Can traditional toy makers capitalize on the rise of smartphones and tablets? Wowwee Toys thinks it can. Next week, the company behind Paper Jamz and Lite Sprites is releasing its first toys in the AppGear line, which combine physical toys with companion smartphone and tablet apps.
I’ve written about Wowwee’s AppGear line before, back in January when the toys were just prototypes. In theory, they’re impressive, often going farther than rival products in fusing the real world with the world of apps. Still, they’re a work in progress, as proven by the first couple of toys I received in the mail.
Although the game itself is far too easy, the figurine is a clever use of augmented reality, because you can twist it or move it to get a layer of control not possible with the touch screen alone. The game’s sole boss battle, in which you dodge projectiles by sliding the zombie around while firing your own counter-attacks, is a stroke of app-toy hybrid brilliance.
I wish I could say the same for the second product, Foam Fighters. Here, the two palm-sized foam airplanes included in the box are just gimmicks. You scan them into the game to unlock some missions, and then you attach them onto an iPhone, iPod Touch or iPad with a bendable rod and suction cup. The device’s camera sees the plane, and the image becomes superimposed onto the game–a third-person dogfight where you tilt the device to control your fighter. Unlike with ZombieBurbz’s figurine, the airplanes of Foam Fighters are merely cosmetic; the game functions just fine without them.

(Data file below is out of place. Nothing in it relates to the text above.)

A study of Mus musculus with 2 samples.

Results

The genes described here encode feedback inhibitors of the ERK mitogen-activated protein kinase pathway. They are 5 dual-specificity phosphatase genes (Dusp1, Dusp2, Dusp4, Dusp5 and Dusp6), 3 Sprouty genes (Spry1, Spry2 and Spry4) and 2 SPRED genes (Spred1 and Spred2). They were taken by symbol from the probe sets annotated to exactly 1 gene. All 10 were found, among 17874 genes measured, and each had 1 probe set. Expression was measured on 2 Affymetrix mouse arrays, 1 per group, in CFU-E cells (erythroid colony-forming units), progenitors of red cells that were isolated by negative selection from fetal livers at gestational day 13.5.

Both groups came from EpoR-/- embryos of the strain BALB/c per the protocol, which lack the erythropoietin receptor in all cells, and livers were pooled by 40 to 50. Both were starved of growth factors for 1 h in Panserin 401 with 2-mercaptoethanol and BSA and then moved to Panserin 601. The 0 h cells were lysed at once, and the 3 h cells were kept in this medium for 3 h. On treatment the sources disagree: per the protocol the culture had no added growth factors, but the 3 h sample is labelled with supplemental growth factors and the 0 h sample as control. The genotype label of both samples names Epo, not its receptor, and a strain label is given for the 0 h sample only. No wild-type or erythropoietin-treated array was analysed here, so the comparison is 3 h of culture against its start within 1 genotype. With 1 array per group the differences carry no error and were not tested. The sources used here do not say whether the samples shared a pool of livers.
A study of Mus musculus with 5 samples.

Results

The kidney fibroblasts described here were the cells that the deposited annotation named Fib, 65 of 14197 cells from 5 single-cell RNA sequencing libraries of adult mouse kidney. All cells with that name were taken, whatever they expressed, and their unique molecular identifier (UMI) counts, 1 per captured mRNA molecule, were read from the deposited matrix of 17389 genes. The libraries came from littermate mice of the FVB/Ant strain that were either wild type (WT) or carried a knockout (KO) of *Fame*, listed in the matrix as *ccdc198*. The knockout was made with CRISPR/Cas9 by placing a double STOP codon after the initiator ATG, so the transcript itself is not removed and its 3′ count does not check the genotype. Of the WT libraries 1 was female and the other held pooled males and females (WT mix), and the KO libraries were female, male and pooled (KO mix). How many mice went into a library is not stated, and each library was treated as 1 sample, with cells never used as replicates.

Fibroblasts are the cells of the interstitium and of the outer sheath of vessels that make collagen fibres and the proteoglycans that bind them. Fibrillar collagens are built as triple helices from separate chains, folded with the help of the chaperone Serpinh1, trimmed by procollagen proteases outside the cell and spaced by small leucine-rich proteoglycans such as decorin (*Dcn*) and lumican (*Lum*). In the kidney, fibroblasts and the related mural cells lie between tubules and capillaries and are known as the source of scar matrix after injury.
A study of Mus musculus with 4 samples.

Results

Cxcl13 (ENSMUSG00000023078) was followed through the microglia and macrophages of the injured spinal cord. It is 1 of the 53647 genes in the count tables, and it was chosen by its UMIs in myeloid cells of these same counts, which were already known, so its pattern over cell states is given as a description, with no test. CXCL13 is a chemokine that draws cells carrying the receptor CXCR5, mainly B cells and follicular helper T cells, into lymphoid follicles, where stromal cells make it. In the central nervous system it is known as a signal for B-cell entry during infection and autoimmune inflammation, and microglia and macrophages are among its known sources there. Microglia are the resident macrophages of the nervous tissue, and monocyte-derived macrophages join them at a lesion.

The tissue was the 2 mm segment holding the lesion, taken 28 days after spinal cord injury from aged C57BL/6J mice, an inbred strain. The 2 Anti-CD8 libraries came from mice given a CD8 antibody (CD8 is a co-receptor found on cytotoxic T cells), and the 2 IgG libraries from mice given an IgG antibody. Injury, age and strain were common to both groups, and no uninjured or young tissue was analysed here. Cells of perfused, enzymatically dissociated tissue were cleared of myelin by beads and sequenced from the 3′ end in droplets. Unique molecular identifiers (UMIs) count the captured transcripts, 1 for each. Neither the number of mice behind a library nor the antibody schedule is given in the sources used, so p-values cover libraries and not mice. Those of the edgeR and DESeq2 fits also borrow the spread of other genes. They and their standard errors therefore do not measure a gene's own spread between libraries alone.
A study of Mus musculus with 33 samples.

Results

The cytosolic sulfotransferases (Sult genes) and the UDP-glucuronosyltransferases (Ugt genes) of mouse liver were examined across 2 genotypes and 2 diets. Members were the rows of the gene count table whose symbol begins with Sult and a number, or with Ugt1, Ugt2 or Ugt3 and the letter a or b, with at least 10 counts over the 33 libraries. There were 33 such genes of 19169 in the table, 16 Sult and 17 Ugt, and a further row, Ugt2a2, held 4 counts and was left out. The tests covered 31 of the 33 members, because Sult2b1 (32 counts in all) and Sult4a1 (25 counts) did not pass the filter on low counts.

Wowwee is onto something here. The fusion of traditional toys with phones and tablets presents some amazing possibilities, and I look forward to the other products the company is working on. But should your local toy store ever get an augmented reality section, be aware that not all toys are created equal.